I'm not a huge baker (Christmas cookies are my one exception), so my mother and I have gone back and forth on the virtues of making your own pie crust versus buying the ready-made kind. In case there's any confusion: She likes to make it, and I tend to buy it.
Even though the recipe for making pie crusts is fairly simple and definitely more delicious, I find the cleanup to be annoying — all that flour everywhere, not to mention the sticky dough that gets on your mixing bowl, cooking utensils, and countertops. It just seems to cling, and tackling it with my usual sponge and hot, soapy water only seems to spread it (and gum up the sponge, too).
Well, turns out I've been doing it wrong. The best defense for cleaning up sticky dough is actually the opposite of my instinct: cold water, not hot.
Now, this is counterintuitive, because most kitchen cleanups call for warm water. But seasoned bread-makers know that warm water is the worst when you're cleaning dough off of the utensils and bowls you used to bake bread or cookies. Hot water will make any leftover dough extra-tacky and hard to remove, while cold water helps the dough stick to itself, making it easier to scrape off of your cookware. Why? Because hot water strengthens the gluten in the dough and makes it even tackier — as if we needed another reason to hate gluten!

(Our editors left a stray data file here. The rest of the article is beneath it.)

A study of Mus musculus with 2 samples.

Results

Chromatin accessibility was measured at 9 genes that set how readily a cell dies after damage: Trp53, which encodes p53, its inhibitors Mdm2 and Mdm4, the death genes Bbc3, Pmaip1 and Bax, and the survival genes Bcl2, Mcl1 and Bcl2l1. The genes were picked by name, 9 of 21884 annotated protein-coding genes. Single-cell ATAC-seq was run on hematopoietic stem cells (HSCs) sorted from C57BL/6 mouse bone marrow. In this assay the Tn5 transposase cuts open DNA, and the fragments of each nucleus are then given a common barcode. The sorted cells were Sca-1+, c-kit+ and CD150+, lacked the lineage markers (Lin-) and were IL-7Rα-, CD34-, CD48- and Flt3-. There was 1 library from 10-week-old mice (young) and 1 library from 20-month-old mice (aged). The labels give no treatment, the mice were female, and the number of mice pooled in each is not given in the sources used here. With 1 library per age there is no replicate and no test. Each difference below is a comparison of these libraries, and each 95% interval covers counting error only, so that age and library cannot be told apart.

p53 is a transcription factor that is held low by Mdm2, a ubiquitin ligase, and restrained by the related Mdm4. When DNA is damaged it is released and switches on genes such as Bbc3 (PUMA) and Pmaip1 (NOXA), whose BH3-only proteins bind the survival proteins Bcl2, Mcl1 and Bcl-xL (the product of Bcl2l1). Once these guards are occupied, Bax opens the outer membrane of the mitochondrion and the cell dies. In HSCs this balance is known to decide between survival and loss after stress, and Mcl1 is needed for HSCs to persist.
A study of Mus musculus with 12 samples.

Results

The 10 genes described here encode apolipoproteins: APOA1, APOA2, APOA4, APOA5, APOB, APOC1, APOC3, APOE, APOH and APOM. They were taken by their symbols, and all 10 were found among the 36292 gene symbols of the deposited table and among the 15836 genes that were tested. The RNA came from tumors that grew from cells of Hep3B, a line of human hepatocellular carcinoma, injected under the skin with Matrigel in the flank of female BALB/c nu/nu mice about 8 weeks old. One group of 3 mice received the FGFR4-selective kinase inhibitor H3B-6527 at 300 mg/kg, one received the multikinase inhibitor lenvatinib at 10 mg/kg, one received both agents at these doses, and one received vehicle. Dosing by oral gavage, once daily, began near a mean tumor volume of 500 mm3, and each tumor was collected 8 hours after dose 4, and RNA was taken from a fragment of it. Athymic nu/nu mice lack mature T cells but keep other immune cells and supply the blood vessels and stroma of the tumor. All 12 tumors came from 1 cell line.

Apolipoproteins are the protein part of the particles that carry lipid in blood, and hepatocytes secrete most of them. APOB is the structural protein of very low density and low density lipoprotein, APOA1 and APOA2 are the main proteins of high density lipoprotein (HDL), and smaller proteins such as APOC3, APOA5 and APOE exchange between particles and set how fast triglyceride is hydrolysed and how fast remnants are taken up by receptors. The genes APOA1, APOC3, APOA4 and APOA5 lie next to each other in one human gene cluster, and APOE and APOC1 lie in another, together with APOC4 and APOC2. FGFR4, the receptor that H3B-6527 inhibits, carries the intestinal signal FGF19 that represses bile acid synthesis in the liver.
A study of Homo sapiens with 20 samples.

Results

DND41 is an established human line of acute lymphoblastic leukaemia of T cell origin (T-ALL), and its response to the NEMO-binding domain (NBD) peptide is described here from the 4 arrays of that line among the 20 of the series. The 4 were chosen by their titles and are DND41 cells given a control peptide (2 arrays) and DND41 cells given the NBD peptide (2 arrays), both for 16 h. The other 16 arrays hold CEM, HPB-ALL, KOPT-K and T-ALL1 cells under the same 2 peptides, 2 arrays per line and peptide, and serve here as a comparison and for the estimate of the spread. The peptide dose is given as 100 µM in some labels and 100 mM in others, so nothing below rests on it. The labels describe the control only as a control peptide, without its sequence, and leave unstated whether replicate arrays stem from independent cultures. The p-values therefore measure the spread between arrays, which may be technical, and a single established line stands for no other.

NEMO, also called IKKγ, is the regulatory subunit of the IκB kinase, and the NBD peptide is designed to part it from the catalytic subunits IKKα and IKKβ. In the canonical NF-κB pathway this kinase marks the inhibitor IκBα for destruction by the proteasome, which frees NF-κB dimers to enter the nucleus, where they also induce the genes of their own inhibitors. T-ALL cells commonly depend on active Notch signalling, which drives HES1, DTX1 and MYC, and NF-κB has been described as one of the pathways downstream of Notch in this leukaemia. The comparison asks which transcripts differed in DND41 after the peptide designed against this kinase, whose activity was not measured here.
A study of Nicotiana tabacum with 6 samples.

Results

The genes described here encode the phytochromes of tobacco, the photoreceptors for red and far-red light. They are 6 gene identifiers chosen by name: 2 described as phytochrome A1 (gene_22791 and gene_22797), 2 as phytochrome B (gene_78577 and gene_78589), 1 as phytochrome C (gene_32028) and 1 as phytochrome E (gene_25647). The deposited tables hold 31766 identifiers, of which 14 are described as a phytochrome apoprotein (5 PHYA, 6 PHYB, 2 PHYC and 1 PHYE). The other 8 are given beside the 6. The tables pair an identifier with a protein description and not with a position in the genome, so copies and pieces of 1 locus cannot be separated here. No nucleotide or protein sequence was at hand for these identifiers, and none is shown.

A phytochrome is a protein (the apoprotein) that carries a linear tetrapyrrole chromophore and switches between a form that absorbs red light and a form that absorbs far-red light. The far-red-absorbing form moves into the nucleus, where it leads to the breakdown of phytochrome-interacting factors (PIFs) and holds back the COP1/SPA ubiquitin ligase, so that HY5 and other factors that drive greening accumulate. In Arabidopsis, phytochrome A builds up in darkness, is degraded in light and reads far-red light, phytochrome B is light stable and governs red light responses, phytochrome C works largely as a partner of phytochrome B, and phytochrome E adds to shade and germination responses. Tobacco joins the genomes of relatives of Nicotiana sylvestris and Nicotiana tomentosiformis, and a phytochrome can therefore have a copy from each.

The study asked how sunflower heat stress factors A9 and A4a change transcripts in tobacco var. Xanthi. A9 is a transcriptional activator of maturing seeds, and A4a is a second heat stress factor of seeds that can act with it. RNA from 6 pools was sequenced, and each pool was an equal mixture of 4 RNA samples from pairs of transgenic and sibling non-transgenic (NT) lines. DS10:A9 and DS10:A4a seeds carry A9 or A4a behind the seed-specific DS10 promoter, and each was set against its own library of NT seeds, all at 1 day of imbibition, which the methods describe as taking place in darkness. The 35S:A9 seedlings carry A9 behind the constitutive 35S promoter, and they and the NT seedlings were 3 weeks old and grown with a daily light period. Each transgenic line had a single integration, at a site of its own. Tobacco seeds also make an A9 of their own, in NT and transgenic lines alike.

Ideally, you should scrape off as much dough as possible with a pastry scraper or other flat-edged tool before starting to clean your utensils, as dough debris can clog your sink if too much gets in there. Then wipe your surfaces and wash all your cookware as you normally would, just with cold water instead of warm.
Soak the inside of a bowl with cool water and dish soap for a little bit, then apply fresh cool water and soap with your scrubby sponge to loosen up more dough. Once all the dough is off your cookware, you can then do your usual hot water and soap combo, but there's no advantage until those dough-y lumps are gone.
What do you do to make the cleanup after a holiday baking session easier?